By Benjamin Bloom | July 27, 2018 | 1 Comment

MarketingData and Analyticsmultichannel marketing

Gartner’s latest Hype Cycle for Digital Marketing and Advertising is out now (Gartner clients may access it here) and one key takeaway is that hype surrounding Artificial Intelligence for Marketing has yet to reach its peak. It continues to intensify and it’s not letting up anytime soon.

For any marketer responsible for making decisions around buying and implementing technology, that shouldn’t be too much of a surprise. You’re inundated with grandiose claims that “AI” will deliver your team unprecedented efficiency and growth. You view these statements with a skeptical eye, as you should. But you also realize that the vision of autonomous, real-time, multichannel marketing programs being presented to you is quite appealing — less time building intricate yet imperfect campaign journeys, more time being creative and strategic.

We’ve seen the introduction of productized AI capabilities — Watson, Einstein, Sensei and Leonardo, among others — from existing marketing technology vendors over the past two years. But major R&D and M&A investments from many of these companies related to data and integration suggest there’s plenty of work to be done to make the autonomous marketing vision a reality. After all, data is necessary fuel for any AI-driven system. Consider the following:

  • Fresh off a substantial acquisition of integration platform MuleSoft, Salesforce announced its intent to acquire marketing dashboard provider Datorama. While both companies led with data integration as the top benefit of the impending tie-up, some industry chatter picked up on the combination of Salesforce’s Einstein and Datorama’s Genius AI capabilities. While MuleSoft helps connect Salesforce’s disparate clouds together and into the broader IT ecosystem, Datorama goes deep on bringing together siloed marketing data into a common model.
  • Adobe emphasized architectural improvements to Experience Cloud at its annual Summit event in March 2018, including more comprehensive customer profile unification. It also released the Experience Data Model (XDM), an open source effort in collaboration with Microsoft. The goal is to meet the needs of demanding marketers who wish to increase the scale and performance of customer experiences integrated with Adobe and its Sensei AI capabilities.
  • In a similar vein, SAP acquired Gigya, a customer identity and access management system, in September 2017. It has since rebranded the offering as SAP Customer Data Cloud.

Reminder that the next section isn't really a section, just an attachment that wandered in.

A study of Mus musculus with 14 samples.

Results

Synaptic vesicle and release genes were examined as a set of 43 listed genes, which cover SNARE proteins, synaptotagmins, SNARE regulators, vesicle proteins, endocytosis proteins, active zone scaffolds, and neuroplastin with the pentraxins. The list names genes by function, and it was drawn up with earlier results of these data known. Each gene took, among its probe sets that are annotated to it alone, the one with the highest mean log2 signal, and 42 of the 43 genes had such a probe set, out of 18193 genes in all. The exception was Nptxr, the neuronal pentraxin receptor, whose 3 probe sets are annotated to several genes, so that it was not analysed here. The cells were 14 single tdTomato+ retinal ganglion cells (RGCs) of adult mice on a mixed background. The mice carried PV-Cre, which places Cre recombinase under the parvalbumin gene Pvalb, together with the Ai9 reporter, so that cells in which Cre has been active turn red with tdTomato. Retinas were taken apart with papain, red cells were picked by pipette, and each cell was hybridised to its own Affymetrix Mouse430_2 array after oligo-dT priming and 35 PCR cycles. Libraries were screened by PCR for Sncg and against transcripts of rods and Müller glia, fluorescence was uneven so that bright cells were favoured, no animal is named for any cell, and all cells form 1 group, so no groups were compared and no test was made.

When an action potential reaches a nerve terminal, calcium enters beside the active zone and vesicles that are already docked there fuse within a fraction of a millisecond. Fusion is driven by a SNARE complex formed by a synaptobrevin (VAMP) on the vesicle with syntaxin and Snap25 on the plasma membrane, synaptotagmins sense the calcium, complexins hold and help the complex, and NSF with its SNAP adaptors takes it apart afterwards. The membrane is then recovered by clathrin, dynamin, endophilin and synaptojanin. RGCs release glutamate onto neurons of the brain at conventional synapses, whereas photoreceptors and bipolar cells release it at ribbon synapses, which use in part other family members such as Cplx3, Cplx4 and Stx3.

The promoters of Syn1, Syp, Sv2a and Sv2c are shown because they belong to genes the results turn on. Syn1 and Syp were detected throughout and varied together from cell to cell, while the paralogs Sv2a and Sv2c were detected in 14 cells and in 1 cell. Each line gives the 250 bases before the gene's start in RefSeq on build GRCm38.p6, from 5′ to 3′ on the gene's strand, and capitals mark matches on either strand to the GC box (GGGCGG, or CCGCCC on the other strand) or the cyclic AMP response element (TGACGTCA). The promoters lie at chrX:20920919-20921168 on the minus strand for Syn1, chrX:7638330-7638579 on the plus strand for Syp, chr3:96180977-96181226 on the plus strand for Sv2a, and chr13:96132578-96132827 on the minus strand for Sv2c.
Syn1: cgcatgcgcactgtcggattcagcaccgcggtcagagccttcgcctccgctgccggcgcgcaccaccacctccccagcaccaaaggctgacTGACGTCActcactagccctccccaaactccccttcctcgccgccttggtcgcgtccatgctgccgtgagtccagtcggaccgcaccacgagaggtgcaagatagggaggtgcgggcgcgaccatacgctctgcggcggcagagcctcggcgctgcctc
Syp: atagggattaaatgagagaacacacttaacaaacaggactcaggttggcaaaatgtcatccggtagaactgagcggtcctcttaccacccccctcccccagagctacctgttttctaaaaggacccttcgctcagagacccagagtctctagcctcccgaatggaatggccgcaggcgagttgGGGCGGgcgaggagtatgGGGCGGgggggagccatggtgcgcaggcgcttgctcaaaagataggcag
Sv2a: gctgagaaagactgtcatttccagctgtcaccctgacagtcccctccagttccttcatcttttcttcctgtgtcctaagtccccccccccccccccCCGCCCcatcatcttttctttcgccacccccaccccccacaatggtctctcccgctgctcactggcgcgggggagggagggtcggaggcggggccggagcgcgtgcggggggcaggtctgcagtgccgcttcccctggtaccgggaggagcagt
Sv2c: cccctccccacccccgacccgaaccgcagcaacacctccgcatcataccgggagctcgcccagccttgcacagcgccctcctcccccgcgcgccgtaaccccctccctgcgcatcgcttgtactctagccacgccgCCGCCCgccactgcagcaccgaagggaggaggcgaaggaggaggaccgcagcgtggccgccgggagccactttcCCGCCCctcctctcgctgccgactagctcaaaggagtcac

Roadblocks in the connections between customer data, marketing performance and business data hamstring manual efforts at automating multichannel marketing.  Gartner’s 2017 Multichannel Marketing Effectiveness Survey found that marketing leaders overestimated their ability to advance real-time, data-driven marketing. The recently published Market Guide for Customer Data Platforms — another martech category radiating hype — shows that CDPs aim to produce unified customer profiles accessible to marketing systems via a plethora of prebuilt integrations, enabling a more data-driven marketing approach.

A surface justification for Salesforce acquiring Datorama is to produce greater near-term insight. Connected data sources and visualizations empower human decision-makers who use the Marketing Cloud. Lowering the barriers to insight, in order to to drive action that produces business impact will be the immediate task at hand. But on the horizon are automated systems that leverage artificial intelligence to act faster, in service of a marketers demands. With the alignment of Datorama and Salesforce’s resources and AI vision, marketing leaders should expect accelerated progress on the assistance that technology can offer to meet dynamic customer expectations.  

The great thing about the Hype Cycle is that after unmet expectations and a bout of discouragement, these innovations eventually reach maturity, eventually delivering productivity for the majority of users.

Many thanks to Bryan Yeager and Lizzy Foo Kune for the collaboration that led to this post.


  • You said “Roadblocks in the connections between customer data, marketing performance and business data hamstring manual efforts at automating multichannel marketing.” — perhaps you could expand upon this insight in a follow-on editorial. Thanks in advance for your consideration.

    Personally, I’m not seeing any current MarTech platform deliver the type of actionable insight that would qualify as meaningful innovation. Much of what we do as marketers require research that is very labor intensive because the data is fragmented across best-of-breed tools that come from various sources.